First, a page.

CEOs more optimistic on outlook
Chief executives of large US multinational companies are more optimistic about the business outlook over the next six months.india Updated: Feb 17, 2006 17:44 IST
Chief executives of large US multinational companies are more optimistic about the business outlook over the next six months, and more corporate leaders expect to increase hiring this year, according to a survey released on Thursday.
CEOs also expect better conditions in Europe and Asia, widely approve of Federal Reserve interest rate policy, and identify health-care costs as the main domestic policy challenge, the survey by the Business Council and The Conference Board found.
"The economy is strong," said Council Chairman Jeffrey Immelt, chief executive of General Electric Co.
"Europe seems better, China continues to be strong. People shrugged off the post-Katrina oil shocks," he said on CNBC television, which is part of GE's media portfolio. "Things seem pretty good."
The Council, a non-profit group of current and former chief executives, reported that 40 per cent of the 82 respondents to the survey expect conditions in their industries to improve in the coming six months. In an October survey, just 27 per cent expected improvement.
Among the factors supporting optimism are a pick-up in the US manufacturing sector, low inflation, steady economic growth, and an expected retreat in energy prices, the survey found.
"We are seeing a very resilient economy and one that seems to be growing in every part of the world," said Sidney Taurel, who heads drugmaker Eli Lilly and Co. "Just about every region is growing and it's very encouraging," he told Reuters on the sidelines of the Business Council meeting in Florida.
Steve Odland, who leads office supplies retailer Office Depot Inc, said relatively low rates, easy access to capital, and a climate of low regulation were all conducive to doing business.
"Overall, we see a lot of strength in the economy. It's the breadth across sectors that's encouraging as well," Odland said.
Caterpillar Inc's Jim Owens said, from his vantage point, the economy is enjoying an unprecedented good time, with low unemployment, interest rates and inflation, but high levels of wealth.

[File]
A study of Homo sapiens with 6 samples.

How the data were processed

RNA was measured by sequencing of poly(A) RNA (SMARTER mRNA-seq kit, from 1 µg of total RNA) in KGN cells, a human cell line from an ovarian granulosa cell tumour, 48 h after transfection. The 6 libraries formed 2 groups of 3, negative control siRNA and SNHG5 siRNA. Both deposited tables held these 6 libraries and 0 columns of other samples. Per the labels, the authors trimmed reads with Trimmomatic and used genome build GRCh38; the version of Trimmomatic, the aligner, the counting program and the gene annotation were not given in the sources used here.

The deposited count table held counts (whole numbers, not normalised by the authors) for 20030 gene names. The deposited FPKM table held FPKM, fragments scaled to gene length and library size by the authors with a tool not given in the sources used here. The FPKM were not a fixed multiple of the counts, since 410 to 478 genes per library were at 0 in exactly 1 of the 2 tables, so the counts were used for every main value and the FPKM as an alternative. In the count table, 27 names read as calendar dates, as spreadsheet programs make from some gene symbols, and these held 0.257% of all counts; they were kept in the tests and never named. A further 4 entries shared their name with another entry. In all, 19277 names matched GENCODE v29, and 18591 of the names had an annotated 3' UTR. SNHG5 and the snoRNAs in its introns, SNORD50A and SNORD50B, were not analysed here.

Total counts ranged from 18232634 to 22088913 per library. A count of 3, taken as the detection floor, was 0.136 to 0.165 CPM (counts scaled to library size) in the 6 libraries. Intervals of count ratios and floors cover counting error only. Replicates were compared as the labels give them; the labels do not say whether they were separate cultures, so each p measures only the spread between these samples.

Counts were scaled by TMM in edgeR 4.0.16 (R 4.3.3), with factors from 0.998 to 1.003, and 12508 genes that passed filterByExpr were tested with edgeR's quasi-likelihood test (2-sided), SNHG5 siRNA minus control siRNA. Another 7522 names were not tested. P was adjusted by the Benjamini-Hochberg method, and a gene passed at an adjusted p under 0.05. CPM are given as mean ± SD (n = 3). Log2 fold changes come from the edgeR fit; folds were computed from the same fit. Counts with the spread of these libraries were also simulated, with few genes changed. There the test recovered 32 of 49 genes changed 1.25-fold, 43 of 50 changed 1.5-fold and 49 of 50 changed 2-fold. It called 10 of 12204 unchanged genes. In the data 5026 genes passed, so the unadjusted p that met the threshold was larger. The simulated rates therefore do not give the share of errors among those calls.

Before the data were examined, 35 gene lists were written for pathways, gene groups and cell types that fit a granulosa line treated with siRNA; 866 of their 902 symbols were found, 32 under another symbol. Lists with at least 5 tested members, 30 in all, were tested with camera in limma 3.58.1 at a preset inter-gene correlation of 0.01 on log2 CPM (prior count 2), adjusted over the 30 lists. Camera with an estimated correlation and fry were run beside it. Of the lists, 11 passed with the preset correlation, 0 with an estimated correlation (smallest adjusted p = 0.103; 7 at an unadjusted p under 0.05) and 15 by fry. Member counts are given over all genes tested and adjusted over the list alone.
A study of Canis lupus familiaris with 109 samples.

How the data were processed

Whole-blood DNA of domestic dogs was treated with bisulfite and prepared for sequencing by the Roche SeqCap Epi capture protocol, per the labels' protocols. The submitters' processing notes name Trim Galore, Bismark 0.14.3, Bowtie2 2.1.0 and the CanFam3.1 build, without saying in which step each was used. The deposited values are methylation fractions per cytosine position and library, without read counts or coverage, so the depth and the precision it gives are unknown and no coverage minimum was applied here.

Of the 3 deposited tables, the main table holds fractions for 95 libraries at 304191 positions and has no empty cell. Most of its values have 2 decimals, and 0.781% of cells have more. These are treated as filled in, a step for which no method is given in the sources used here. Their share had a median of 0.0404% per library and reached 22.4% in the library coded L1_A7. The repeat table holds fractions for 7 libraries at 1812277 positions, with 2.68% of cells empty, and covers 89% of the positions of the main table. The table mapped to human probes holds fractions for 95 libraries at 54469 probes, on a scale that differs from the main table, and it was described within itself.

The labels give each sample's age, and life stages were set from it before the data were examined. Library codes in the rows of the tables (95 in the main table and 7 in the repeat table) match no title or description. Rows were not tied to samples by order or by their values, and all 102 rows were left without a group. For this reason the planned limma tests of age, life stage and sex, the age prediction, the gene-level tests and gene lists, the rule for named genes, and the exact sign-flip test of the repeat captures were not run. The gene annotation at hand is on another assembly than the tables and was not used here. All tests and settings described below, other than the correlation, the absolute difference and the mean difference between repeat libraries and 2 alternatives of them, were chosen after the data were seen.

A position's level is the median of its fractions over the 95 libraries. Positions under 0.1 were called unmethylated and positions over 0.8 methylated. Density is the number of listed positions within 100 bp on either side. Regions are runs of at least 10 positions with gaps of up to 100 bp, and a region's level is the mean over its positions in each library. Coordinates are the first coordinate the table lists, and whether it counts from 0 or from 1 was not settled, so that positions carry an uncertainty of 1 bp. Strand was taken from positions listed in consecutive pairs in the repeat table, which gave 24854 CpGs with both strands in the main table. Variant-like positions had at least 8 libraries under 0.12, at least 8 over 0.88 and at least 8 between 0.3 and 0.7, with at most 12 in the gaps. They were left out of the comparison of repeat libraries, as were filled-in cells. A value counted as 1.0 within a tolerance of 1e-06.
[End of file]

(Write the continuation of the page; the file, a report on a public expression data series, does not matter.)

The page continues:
"The interesting thing about the survey is that people had stronger opinions than they had last time around. I don't think as a group they have a great track record of forecasting," said Owens, who leads the world's biggest maker of heavy machinery.
"There were more pessimists and more optimists at the expense of the middle. I'm on the optimistic end of that spectrum," he said.
"We came into the year with one of the strongest order boards we've seen and we're coming off a period of very rapid growth and looking for that to sustain itself this year," Owens added.
The manufacturing, consumer goods, financial services and media sectors recorded the widest divergence between optimists and pessimists. More than one in five corporate leaders -- 21 per cent -- expect worse business conditions, with 25per centof manufacturing CEOs sharing that view.
The proportion of CEOs saying they expect to take on more workers doubled from October to 26 per cent. More respondents also expect pay levels to accelerate, and a majority expects the unemployment rate to stay below 4.9 per cent this year.
"Unemployment is incredibly low, the lowest I've seen in a long time," said JW Marriott Jr, chairman and chief executive of hotel operator Marriott International Inc.
Marriott, whose business closely tracks US economic growth, said the US consumer was another factor supporting his optimism about the economy.
But while more CEOs are optimistic about the business climate, their outlook for profit and investment was little changed. A majority says market demand remains a primary profit driver, but price hikes are taking on a bigger role, the survey found.
Health-care costs retained the top spot on a list of domestic policy concerns, with 86 percent of CEOs calling them very important or the most important issue. Most predict benefit costs will rise further over the next year, and 42 per cent called health-care costs a "major obstacle" to hiring.
Among global policy issues, CEOs identified energy supply as the most important. Fewer than half said intellectual property rights, immigration, or global warming were very important issues.